WASHINGTON (Reuters) -Nancy Pelosi was narrowly re-elected speaker of the U.S. House of Representatives on Sunday, as a new Congress took office amid political uncertainty, with Senate control undecided and a Republican fight looming over presidential election results.
The House voted 216-209 to reinstate Pelosi, after Democrats lost 11 seats in the November elections to command a narrower 222-212 majority. Five Democrats chose not to support her – two voted for Democratic lawmakers who were not running, while three others simply voted “present.”
“As we are sworn in today, we accept a responsibility as daunting and demanding as any that previous generations of leadership have faced. We begin the new Congress during a time of extraordinary difficulty,” Pelosi said in a floor speech that noted the deaths of more than 350,000 Americans from the COVID-19 pandemic.
“Now is a time for our nation to heal. Our most urgent priority will continue to be defeating the coronavirus. And defeat it, we will,” she added, pledging that further aid would follow the latest $892 billion package that Congress passed in December.
The Senate remains Republican run ahead of twin elections in Georgia on Tuesday, giving its members a platform to again air President Donald Trump’s baseless claims that his loss to Democratic President-elect Joe Biden was the result of fraud.
Multiple state and federal reviews have found no evidence of the sort of widespread fraud Trump claims, but Republican senators and House members plan to challenge the election result when Congress certifies it on Wednesday.
A Republican push led by Senator Ted Cruz for an emergency 10-day audit of election results in contested battleground states drew criticism on Sunday from Republican Senator Lindsey Graham, a staunch Trump ally.
“It appears to be more of a political dodge than an effective remedy,” Graham said in a statement. “I will listen closely. But they have a high bar to clear.”
The narrower balance of power in both chambers this year could also encourage moderates from each party to flex their political muscles, especially after Trump leaves the White House on Jan. 20 and Biden, who ran as a centrist, takes office.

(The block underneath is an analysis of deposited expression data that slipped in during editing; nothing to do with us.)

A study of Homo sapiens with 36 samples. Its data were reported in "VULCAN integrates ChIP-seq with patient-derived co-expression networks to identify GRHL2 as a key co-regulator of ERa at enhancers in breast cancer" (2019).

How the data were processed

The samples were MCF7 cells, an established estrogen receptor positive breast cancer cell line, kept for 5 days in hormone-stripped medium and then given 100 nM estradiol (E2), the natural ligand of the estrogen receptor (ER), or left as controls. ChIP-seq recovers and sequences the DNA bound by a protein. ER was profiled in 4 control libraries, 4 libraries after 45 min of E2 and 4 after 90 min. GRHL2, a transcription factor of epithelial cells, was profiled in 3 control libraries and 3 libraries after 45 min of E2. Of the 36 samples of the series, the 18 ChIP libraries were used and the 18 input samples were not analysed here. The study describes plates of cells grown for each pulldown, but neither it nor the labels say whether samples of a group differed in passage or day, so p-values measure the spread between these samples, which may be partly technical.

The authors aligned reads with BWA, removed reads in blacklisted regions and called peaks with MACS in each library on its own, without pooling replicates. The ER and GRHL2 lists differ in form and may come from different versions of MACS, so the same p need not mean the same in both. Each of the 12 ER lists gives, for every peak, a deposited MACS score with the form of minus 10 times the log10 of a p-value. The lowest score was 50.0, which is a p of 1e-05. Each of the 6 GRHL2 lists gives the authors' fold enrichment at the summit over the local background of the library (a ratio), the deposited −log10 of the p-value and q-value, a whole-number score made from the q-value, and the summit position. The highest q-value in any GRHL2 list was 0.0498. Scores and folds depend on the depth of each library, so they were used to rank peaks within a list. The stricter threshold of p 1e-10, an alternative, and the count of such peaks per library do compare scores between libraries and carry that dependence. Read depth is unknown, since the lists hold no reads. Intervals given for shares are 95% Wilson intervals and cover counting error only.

But leaders in both the House and Senate tried to sound optimistic despite mounting challenges.
“From political division to a deadly pandemic to adversaries around the world, the hurdles before us are many and they are serious,” Senate Majority Leader Mitch McConnell said on the Senate floor.
“But there is also plenty of reason for hope,” the Kentucky Republican added, citing the ongoing rollout of coronavirus vaccine. “I’d say 2021 looks bright already.”
House Majority Leader Steny Hoyer, the chamber’s No. 2 Democrat, also said in a statement he hoped the new Congress would “turn the page” on partisan division “and begin a new chapter of cooperation among Democrats and Republicans.”
But the smaller Democratic majority and the still-raging coronavirus pandemic made re-election as speaker trickier for Pelosi, the only woman ever to hold the job.
“It’s not personal. It’s not malicious. It just represents a feeling in my district,” Democratic Representative Elissa Slotkin of Michigan told reporters before voting “present.”
“We need a different crop (of leaders) that represents a broader swath of the country,” Slotkin said.
The smaller caucus meant less room for dissident Democrats to vote against Pelosi without risking a possible win for Republican leader Kevin McCarthy, who opposed her.
“We are just (an) extremely slim amount of votes away from risking the speakership to the Republican Party,” said Democratic Representative Alexandria Ocasio-Cortez, a progressive who wants new leadership but still backed Pelosi.
“It’s bigger than any one of us. And that is consequential,” she added.
In the Senate, Vice President Mike Pence swore in 32 senators on Sunday, administering the oath of office in pairs due to COVID-19 restrictions.
A Republican win of one or both Georgia Senate seats up for election on Tuesday would cement the Republican majority led by McConnell.
Twin Democratic wins in Georgia would produce a 50-50 Senate, where Democratic Vice President-elect Kamala Harris would hold the tie-breaking vote once she is sworn in on Jan. 20.